The Falla Family

Charles Hailstone wrote in 1990:

The name of Falla was well known and respected in Mortlake. The family ran a shop at 34 Mortlake High Street and also a decorating business. Myler Falla, a cooper at Mortlake brewery, took over a business in 1855 at the age of forty-seven. I have in my collection the Fallas' early account books. The stock list includes housemaids' boxes, pattens and clogs, beetle traps, clothes horses, butter churns and scales, tammy and flannel, brushes and brooms, mats, pails, tubs, rope, twine, tarred string, punnets, hampers, baskets and coopering requisites. There were gardening things and all manner of domestic brewing necessaries such as mashing tubs and bungs. For below stairs there was black lead, emery cloth, hearthstone, bath brick, pipe clay, knife powder and the bottles of boot blacking.

The royal family, the nobility and the upper classes were regular patrons of the Falla business, not so much directly as through their servants, cooks and butlers. The accounts provide a wonderful view of life in and around Mortlake. Mr. White the Mortlake stationmaster, Mr. Shearman the East Sheen tailor, reverend gentlemen, the gentry, publicans and the townspeople all came to Myler Falla's establishment. Myler supplied the Mortlake brewers, Phillips & Wigan, cobbling and hooping their barrels and supplying headings and staves. In his coopery at the back he made tubs, firkins, piggins and rainwater butts. Myler was also involved in public service: he was an enumerator for the 1871 census which involved much tramping the lanes and alleyways of Mortlake outside working hours. He died aged seventy-three in 1881, and his wife Martha Falla took over the business. The business then passed to George Falla, who was Mortlake's parish clerk for nearly 40 years, and in 1921 to Arthur Falla.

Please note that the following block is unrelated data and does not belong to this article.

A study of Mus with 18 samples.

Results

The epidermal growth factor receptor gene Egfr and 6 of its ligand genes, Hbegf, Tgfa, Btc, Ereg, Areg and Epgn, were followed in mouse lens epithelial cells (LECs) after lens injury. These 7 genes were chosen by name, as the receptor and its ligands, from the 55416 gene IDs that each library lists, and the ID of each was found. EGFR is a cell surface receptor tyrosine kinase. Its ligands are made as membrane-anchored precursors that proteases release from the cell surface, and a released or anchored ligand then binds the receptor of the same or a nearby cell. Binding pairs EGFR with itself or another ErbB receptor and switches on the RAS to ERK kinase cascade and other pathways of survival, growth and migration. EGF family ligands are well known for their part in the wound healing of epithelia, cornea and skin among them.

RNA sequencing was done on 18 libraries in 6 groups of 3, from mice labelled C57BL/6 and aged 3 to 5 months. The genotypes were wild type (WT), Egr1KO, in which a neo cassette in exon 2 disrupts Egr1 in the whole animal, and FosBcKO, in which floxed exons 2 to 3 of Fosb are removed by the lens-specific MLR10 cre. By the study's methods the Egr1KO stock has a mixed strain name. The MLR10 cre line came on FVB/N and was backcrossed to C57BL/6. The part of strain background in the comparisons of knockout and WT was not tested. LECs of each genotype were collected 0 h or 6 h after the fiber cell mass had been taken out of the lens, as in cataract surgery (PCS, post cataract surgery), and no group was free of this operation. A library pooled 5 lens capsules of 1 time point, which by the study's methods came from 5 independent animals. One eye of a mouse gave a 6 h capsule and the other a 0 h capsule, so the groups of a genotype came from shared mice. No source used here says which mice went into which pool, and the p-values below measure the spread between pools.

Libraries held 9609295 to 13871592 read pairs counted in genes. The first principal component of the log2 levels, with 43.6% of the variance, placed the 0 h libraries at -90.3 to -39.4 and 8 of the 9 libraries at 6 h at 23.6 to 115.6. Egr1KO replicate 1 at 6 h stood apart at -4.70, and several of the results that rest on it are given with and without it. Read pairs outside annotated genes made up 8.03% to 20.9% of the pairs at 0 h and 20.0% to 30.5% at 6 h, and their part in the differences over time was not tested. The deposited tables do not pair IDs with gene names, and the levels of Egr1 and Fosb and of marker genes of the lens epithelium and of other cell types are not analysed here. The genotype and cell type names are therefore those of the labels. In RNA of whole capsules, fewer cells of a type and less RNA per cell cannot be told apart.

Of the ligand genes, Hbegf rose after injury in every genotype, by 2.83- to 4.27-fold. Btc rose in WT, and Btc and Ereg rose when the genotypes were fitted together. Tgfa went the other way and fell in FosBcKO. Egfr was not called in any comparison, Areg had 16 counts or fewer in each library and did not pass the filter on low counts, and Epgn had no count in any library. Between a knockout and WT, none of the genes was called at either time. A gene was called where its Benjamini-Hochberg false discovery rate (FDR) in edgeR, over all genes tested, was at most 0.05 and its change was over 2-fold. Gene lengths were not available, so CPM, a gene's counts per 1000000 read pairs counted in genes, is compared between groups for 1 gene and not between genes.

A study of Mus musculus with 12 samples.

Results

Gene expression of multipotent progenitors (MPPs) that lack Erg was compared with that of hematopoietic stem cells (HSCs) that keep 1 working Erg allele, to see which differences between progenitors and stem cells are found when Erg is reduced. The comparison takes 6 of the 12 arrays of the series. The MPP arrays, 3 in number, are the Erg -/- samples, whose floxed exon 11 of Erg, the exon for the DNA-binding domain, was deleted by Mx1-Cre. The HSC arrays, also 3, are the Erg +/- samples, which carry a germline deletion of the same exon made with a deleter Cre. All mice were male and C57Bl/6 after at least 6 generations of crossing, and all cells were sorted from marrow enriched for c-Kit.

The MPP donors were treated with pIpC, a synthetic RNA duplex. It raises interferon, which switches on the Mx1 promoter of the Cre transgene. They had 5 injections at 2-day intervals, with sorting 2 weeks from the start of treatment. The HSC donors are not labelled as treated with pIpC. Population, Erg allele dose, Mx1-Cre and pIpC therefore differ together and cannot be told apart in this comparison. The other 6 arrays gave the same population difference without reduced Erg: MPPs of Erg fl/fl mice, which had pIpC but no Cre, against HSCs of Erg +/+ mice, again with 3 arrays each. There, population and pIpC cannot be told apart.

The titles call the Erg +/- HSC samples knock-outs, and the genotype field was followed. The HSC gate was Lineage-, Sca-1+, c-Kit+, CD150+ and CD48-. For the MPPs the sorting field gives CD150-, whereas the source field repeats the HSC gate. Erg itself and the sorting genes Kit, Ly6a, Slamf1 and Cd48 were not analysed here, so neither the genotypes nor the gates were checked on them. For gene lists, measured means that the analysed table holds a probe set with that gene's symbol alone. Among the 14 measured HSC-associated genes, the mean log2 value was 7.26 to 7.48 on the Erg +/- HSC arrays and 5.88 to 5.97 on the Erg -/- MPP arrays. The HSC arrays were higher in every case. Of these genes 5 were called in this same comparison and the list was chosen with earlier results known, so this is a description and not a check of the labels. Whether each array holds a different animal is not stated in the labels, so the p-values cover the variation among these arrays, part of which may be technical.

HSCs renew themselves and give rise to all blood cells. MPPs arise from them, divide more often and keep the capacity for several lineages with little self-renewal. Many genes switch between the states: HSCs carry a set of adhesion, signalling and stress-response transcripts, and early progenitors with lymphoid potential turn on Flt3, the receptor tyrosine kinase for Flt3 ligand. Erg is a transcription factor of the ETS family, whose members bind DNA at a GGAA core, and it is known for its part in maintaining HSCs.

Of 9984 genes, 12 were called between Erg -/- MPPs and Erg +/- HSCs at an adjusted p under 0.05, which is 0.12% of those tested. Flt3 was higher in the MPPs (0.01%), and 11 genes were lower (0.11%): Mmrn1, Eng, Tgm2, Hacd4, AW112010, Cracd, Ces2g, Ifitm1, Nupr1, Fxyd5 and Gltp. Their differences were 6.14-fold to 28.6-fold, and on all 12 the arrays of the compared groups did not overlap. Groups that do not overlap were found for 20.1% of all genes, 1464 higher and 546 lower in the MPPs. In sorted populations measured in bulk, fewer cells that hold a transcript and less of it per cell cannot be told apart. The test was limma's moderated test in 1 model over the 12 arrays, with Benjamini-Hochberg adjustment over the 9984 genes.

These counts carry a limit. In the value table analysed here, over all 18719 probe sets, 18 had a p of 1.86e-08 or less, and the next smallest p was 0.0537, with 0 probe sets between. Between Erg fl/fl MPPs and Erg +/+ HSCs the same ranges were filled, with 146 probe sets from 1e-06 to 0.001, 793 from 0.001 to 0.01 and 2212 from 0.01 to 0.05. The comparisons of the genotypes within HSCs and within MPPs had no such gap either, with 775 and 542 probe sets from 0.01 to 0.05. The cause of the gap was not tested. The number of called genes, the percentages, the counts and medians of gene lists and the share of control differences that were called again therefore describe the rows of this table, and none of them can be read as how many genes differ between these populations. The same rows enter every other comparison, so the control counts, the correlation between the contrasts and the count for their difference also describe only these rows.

I remember childhood errands to Arthur Falla's shop. There was a step up from the pavement and a bell tinkled on opening the door. Inside the light was subdued by the shadow of the brewery and there was a general aroma of paraffin, linseed oil, rope, putty, creosote and turpentine. Stock was stacked in all available space and hung from the ceiling. There were buckets, axes, garden tools, bundles of firewood, sacks and bins of this and that and hardware and ironmongery of every description, with little room for the customers. Mr. Falla stood behind a wooden counter black with iron filings, oil stained and well pitted from years of use as a workbench, with a brass yardstick let into the edge. An old clock on the wall behind the counter was flanked all round by little drawers and cabinets holding nails, screws, pot menders and all sorts. Arthur Falla, well-known in bowling circles, retired in 1956 to Worthing where he passed away in April 1962.

Jack Falla, the third of three brothers, a decorator of 19 Alder Road, Mortlake, followed his father as parish clerk of Mortlake in 1927. On leaving the old National School in Mullins Path, Mortlake, he started with Christopher Dresser, of Elm Bank House in Barnes, as a wallpaper designer.

In January 1915 Jack repeatedly ascended the tower of Mortlake church after a stranded cat. Then a chicken run was hauled to the top and puss was safely brought down.

In a fine summer before the war, Jack spent many an evening painting the cupola on the church tower white. In church Jack wore a long black cloak with velvet facings and his fine tenor voice led the congregational singing from the back pew near the font. In the procession from the vestry up the nave to the chancel and back after service he walked in front of the vicar, bearing the beadle's staff.

Jack Falla's end was sudden. In the late evening of Friday 16 April 1937 when cycling over the Sheen Lane crossroads at the then new traffic lights, there was a collision with a motor-car and he passed away instantly aged fifty-seven.